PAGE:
A case in point is the piece we are going to look at today, "L'alouette calandrelle" (short-toed lark), one movement from the Catalogue d'oiseaux for piano. This work, a set of thirteen pieces for piano, at nearly three hours in length, is one of the great accomplishments in 20th century piano music. Written between 1956 and 58, they were inspired by his student (and later wife) Yvonne Loriod, an extraordinary pianist. The work is very much more than merely a catalogue of birdsong: each piece is actually a representation of the songs of the main bird, other birds who share the same environment, and the environment itself.
L'alouette calandrelle, at around 5' in length, is the shortest movement (the longest is thirty minutes long!). Here is Messiaen's description of the movement:
Provence in July. The short-toed lark. Two o'clock in the afternoon. Les Baux, les Alpilles. And rocks, broom and cypresses. The monotonous percussion of the cicadas. Staccato alarm of the kestrel. The Route d'Entresson. The crested lark in two-part counterpoint with the short-toed lark. Four o'clock in the afternoon, La Crau. A desert of stones, intense brightness and torrid heat. Alone, the little, short phrase of the short-toed lark peoples the silence. About six o'clock in the evening. A skylark soars into the sky and delivers its joyous strophe. Amphimacer of the quail. A reminiscence of the short-toed lark."Amphimacer" refers to an ancient Greek metrical foot consisting of three syllables: long, short, long. The use of these rhythmic units was part of Messiaen's compositional toolbox.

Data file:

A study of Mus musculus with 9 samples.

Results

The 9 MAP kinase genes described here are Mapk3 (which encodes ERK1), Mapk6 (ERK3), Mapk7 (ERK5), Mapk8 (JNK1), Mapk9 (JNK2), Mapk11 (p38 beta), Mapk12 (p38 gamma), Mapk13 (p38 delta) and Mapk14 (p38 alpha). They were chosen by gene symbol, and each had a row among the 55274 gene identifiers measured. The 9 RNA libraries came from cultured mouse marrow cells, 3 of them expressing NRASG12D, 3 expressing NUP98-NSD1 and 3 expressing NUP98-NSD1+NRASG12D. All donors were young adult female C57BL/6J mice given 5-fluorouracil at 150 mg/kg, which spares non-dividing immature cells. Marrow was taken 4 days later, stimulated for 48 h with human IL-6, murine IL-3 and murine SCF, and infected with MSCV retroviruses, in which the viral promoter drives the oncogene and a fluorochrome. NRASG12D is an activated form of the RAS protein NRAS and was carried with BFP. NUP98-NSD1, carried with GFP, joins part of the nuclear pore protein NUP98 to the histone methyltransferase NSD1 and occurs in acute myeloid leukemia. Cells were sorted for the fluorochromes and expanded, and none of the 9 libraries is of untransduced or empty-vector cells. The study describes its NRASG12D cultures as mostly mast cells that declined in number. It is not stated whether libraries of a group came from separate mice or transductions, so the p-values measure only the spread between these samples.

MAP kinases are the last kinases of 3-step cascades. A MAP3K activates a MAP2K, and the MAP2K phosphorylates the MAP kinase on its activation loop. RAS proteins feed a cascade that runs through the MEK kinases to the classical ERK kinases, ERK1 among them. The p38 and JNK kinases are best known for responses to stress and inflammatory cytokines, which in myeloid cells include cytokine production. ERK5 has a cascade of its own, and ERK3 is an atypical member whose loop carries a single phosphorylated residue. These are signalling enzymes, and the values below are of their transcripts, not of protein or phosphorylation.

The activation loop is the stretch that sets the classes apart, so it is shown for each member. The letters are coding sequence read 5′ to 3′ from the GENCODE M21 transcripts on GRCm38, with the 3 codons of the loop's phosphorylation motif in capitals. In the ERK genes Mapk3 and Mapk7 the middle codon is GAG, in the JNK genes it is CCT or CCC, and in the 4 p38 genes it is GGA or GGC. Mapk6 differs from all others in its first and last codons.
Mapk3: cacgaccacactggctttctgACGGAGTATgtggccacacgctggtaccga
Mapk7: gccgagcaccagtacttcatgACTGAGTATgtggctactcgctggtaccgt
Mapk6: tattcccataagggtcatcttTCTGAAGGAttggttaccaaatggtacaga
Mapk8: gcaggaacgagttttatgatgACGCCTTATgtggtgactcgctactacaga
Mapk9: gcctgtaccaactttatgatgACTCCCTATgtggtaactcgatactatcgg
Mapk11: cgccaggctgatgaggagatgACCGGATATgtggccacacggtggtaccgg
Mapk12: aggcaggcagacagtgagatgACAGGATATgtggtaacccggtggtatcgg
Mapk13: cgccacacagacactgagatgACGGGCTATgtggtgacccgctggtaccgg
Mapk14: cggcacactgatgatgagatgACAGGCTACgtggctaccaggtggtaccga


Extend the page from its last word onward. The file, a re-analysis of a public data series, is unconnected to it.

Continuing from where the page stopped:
A few days ago I was looking at IMSLP and saw quite a lot of Messiaen's piano music so I thought that I would be able to find lots of musical examples. But today I see it has all been taken down for copyright violation. So, I'm afraid we will have to get by with just verbal descriptions and YouTube clips!
Getting back to the music: what Messiaen has chosen to do here is remarkable in the extreme. What an amazing vision! I think I have experienced the kinds of things he is trying to capture here--that sense of the whole of a place, sounds, smells, light, air, landscape. It is a kind of reverence for our world that inspires music like this. The place is as important as the birdsong in these pieces. Oh, and the time of day as well, which influences the light, the feel of the landscape and of course the call of the birds. There are layers upon layers here: some things are static, almost mechanical, such as the repetitive sound of the cicadas. Other things develop, musically, such as the strophe of the skylark. There is exposition, development and coda. There is also an underlying, unchanging solidity. In L'alouette calandrelle, it is the pair of repeated chords that capture that static landscape. Alongside are a trio of monotonous sounds: the cicada, and the deadpan calls of the kestrel and quail. Over this soars the lark's song, which contains the only real musical development (which involves that two-part counterpoint with the crested lark).
This is a rather sophisticated and complex idea of musical form, with some elements unchanging and others reshaped and developed. Remarkably, there are no formulas here: each of the thirteen pieces pursues entirely different strategies and structures as it presents a different landscape with a different population of birds.
Let's listen to L'alouette calandrelle and see if we can hear what Messiaen is trying to do. I believe Tomislav Baynov is the pianist:
While we are at it, why don't we listen to another performance of the same piece. This is pianist Håkon Austbø:
My only question, is who goes out and measures lark's toes to see if they are short or not?